Should Statutes be Interpreted in Light of Regulations?
A partial answer from the Nova Scotia Court of Appeal: yes.
In McIntyre v. Nova Scotia (Community Services), 2012 NSCA 106, the applicant’s spouse had received a lump sum pension benefit, which meant that she had received an “overpayment” of benefits.
There was no doubt that there had been an “overpayment” within the meaning of the statute. But she pointed out that her spouse had received the overpayment, not her.
That would have been a winning response had the implementing regulations not defined “chargeable income” as including the income of a spouse.
In the absence of any challenge to the regulations themselves, the applicant was out of luck:
 To summarize, I disagree with Ms. McIntyre’s submission that the Regulations are irrelevant. Section 3(f) says that an “overpayment” means assistance that should not have been paid “according to this Act and the regulations”. By Regulation 47(1)(a), Mr. Leblanc’s income is “deemed” to be income of Ms. McIntyre. That establishes the definitional condition for an “overpayment” within s. 3(f).
It seems like an unfortunate story from Ms. McIntyre’s point of view. She won, unrepresented, before the first-instance administrative tribunal, but this decision was quashed on judicial review. She then changed lawyers for her appeal. Her most recent counsel was allowed to make additional arguments on interpretation, but did not (and presumably could not, without leave) challenge the lawfulness of the regulations themselves:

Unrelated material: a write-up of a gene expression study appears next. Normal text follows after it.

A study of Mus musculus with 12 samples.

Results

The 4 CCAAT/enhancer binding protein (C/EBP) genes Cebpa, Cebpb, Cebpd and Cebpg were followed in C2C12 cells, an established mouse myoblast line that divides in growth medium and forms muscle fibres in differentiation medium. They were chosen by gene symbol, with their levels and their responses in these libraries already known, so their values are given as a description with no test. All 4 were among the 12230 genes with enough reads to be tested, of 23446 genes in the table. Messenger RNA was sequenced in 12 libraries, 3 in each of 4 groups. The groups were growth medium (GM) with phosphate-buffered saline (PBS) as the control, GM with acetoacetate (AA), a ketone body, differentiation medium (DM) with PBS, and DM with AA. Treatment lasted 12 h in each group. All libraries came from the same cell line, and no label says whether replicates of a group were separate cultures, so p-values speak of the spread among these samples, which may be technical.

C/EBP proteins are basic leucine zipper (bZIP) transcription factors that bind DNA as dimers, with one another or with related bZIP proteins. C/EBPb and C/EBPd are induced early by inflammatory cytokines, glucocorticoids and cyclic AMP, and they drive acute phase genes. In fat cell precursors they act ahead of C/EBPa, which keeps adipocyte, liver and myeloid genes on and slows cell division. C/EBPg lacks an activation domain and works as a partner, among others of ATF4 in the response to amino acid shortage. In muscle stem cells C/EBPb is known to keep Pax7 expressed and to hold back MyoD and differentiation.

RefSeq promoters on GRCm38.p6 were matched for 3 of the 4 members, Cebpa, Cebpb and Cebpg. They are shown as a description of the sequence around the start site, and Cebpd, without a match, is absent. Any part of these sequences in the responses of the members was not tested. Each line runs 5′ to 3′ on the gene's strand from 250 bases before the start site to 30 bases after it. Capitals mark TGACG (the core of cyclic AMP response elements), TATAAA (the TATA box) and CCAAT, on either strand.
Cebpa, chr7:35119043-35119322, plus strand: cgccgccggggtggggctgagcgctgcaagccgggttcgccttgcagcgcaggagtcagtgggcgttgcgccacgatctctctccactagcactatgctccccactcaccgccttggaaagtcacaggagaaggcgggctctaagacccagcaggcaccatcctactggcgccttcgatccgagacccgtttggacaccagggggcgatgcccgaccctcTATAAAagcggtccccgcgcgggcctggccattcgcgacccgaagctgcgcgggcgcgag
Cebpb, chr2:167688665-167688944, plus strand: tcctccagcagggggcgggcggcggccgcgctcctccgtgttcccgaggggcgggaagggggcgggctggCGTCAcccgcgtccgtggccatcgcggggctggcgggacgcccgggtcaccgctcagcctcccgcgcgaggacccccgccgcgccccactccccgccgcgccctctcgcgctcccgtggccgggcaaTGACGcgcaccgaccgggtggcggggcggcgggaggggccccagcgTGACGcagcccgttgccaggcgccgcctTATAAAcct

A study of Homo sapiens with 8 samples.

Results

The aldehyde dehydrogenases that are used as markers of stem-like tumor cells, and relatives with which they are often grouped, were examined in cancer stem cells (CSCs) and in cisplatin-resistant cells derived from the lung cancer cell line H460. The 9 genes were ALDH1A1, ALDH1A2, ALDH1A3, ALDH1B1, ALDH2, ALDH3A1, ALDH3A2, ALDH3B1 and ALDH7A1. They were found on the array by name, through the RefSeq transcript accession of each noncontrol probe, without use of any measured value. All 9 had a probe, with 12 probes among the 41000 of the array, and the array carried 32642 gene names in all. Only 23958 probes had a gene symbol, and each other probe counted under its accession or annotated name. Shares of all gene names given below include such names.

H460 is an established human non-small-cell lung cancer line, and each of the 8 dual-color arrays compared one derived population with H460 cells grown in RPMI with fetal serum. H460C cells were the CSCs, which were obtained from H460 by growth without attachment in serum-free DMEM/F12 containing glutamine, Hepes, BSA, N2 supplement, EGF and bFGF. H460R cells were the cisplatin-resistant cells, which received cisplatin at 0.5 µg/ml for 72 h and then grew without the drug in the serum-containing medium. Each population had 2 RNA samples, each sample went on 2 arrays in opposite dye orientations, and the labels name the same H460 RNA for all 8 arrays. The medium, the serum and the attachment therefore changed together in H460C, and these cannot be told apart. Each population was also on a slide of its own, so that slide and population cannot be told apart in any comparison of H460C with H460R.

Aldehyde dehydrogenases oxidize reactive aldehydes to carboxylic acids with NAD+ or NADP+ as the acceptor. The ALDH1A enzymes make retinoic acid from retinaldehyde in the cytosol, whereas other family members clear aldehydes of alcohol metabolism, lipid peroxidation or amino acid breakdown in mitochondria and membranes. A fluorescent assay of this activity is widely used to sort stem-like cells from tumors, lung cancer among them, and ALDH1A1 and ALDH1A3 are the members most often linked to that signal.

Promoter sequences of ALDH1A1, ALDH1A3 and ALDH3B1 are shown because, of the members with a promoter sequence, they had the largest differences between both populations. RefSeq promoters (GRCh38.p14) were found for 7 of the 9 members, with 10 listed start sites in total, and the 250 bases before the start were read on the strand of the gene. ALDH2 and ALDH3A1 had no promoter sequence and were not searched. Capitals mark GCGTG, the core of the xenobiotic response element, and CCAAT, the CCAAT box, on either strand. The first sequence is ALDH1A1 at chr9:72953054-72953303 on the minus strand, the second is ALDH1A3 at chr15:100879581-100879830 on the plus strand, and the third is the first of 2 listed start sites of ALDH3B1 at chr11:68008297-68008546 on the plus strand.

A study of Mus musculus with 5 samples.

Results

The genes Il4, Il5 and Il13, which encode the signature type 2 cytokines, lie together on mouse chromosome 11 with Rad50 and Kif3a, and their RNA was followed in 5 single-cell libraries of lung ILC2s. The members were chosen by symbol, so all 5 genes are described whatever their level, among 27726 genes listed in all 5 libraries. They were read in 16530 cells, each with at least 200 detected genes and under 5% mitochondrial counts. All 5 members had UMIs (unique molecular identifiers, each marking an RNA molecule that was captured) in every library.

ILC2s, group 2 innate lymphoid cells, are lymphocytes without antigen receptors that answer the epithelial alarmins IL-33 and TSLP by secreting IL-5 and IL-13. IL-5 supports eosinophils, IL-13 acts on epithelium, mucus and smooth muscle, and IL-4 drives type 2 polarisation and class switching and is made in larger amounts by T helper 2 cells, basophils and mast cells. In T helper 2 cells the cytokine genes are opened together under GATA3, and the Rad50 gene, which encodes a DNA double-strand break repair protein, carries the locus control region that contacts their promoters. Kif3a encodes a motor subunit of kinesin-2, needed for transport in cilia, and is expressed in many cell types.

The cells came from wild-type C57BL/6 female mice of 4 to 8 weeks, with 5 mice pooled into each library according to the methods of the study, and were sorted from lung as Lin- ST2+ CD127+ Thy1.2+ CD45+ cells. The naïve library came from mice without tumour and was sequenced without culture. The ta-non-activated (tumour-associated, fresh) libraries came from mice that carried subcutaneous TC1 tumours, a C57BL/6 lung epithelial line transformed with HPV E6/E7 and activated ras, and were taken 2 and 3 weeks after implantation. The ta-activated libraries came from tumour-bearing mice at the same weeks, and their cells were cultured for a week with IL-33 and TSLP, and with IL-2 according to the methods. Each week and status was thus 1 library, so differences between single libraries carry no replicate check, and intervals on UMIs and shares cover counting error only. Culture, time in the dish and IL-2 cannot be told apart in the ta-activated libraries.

Had Ms. McIntyre submitted that the regulations were ultra vires the Act, that issue would be of central legal importance, not within the particular institutional expertise of the Board, and would be subject to correctness review. Ms. McIntyre does not suggest that the regulations are ultra vires. Her submissions are purely interpretive.
Mind you, even correctly interpreted, the regulations were probably intra vires.
From Ms. McIntyre’s point of view, though, it must be infuriating that a government agency would wait for many months before notifying her that she owed them over $6,000, and then expend many multiples of that amount on legal fees.
This content has been updated on June 11, 2014 at 09:47.